A Day of Rest
Mixing cardio with strength training exercises provides rest periods for your muscles. Alternate the days you focus on strength training, aiming for three days of strength training and three days of cardio. Focusing on different muscle groups each day will reduce the risk of overuse and give you a well-rounded, sculpted body. Schedule the seventh day for rest. This day can include a light walk or activities that focus on flexibility, such as yoga, but should not include an intense workout.
Ice and Heat
Ice reduces inflammation, while heat draws blood to the surface and relaxes sore and stiff muscles, speeding up the healing process. Ice and heat therapy works best when used together to relieve sore muscles, especially those of the chest. MayoClinic.com advises that for the first few days, you use ice every four hours for 20 minutes, followed by heat. Commercial ice packs or frozen vegetables offer convenient and affordable ice therapy options. Heat therapy can come from commercial heating pads, hot water bottles, or hot baths and showers.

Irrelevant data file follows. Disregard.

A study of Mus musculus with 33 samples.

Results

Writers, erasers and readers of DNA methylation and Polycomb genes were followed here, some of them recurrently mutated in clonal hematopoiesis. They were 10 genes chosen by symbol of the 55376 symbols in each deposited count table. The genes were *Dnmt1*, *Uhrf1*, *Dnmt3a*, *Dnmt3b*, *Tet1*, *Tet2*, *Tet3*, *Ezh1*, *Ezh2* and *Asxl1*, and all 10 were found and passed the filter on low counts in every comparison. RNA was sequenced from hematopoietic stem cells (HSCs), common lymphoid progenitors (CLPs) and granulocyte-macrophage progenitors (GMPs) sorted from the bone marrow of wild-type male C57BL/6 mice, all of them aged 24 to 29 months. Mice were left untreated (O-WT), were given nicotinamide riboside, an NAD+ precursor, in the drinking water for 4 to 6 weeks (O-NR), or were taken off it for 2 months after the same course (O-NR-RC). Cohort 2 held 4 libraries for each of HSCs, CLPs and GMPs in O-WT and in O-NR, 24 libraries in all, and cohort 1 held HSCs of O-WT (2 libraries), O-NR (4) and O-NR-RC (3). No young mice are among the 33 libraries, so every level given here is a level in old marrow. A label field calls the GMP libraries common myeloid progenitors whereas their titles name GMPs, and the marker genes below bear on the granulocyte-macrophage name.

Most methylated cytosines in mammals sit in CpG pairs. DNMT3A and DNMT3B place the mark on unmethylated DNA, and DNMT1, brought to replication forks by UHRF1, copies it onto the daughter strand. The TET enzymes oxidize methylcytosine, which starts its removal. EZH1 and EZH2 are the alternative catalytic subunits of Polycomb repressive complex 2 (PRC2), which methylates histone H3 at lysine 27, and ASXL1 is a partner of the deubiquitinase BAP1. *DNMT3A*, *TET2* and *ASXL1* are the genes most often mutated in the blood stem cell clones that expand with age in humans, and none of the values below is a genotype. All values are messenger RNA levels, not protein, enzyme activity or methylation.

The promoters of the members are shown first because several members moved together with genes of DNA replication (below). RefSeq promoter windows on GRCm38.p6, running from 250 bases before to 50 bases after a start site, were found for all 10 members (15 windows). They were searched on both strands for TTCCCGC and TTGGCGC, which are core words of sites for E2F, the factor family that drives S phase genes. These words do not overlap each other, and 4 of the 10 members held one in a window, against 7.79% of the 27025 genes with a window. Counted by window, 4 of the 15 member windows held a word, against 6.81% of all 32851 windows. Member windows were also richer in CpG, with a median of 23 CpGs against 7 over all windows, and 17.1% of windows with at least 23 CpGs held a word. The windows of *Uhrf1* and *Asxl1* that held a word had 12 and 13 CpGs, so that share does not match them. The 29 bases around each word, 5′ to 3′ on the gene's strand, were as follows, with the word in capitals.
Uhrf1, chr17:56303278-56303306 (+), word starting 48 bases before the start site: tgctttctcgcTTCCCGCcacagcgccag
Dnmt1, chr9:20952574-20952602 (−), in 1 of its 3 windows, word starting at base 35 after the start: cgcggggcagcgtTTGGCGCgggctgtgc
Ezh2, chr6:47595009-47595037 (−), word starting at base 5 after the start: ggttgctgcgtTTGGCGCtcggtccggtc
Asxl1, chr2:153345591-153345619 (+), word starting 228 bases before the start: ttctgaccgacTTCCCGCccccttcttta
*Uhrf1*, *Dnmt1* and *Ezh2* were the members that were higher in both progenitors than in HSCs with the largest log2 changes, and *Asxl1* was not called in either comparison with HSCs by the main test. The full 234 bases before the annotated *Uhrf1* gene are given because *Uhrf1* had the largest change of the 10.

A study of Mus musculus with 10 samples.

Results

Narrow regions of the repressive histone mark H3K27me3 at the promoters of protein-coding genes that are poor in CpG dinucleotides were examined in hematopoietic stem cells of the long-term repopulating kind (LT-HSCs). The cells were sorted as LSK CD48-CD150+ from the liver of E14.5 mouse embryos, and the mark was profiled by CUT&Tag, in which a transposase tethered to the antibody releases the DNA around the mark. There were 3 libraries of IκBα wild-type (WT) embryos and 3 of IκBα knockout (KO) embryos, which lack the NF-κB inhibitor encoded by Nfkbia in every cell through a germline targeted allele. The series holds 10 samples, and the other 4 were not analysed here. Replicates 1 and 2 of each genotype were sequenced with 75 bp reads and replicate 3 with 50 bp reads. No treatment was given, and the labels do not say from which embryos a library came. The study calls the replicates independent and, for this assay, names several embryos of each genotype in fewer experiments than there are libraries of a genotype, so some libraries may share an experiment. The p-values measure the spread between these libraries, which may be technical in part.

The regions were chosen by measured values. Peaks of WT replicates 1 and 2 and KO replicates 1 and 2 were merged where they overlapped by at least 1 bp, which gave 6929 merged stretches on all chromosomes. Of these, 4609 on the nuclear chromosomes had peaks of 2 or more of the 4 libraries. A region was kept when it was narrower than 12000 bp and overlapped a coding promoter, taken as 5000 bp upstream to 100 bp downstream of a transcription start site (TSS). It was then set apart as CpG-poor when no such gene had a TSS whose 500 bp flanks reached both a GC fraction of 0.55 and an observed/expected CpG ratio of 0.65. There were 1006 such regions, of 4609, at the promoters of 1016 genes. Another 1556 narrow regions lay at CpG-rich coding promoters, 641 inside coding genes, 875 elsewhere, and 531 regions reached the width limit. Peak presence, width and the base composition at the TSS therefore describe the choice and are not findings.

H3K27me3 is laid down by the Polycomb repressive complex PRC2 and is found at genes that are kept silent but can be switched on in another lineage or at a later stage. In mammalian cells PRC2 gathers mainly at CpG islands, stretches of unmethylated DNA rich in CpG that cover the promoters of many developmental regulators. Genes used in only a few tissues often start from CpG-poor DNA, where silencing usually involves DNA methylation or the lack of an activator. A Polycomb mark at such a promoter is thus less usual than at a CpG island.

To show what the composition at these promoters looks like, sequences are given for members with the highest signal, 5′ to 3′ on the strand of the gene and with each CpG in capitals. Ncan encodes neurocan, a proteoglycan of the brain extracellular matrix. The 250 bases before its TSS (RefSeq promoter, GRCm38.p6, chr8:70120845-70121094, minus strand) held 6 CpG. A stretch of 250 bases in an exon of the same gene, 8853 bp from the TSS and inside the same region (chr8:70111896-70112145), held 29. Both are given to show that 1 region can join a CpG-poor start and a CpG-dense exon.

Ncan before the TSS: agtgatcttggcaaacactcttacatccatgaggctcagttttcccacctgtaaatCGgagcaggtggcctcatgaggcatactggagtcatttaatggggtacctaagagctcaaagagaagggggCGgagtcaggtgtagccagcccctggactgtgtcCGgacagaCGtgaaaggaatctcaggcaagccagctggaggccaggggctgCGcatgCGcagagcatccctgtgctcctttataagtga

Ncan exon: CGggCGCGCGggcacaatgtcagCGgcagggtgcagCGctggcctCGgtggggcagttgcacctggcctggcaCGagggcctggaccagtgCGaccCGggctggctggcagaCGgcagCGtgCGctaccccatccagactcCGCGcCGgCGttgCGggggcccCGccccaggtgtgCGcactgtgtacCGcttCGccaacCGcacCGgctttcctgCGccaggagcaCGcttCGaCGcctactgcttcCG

Massage Soreness Away
A study in "Science Translational Medicine" published Feb. 1, 2012, touts use of massage for post-workout soreness. The study, conducted by Buck Institute on Aging and McMaster University researcher Simon Melov, Ph.D., found that massage had an effect on the cellular level of the muscle. Melov says the process in which massage works to relieve sore muscles is the same process by which anti-inflammatory medications do so. Next time your muscles are sore, reach for the massage oil and rub your way to relief.
Epsom Salt Baths
Epsom salt -- a compound consisting of magnesium and sulfate -- is used to relieve many health ailments, from poison ivy to sunburn and even common bug bites, but its more well-known use is as a soak for sore muscles. For a standard-size bathtub, add 2 cups of Epsom salt to a warm bath. Double this for larger bathtubs. The Epsom Salt Council suggests three baths a week, for a minimum of 12 minutes, to relieve soreness.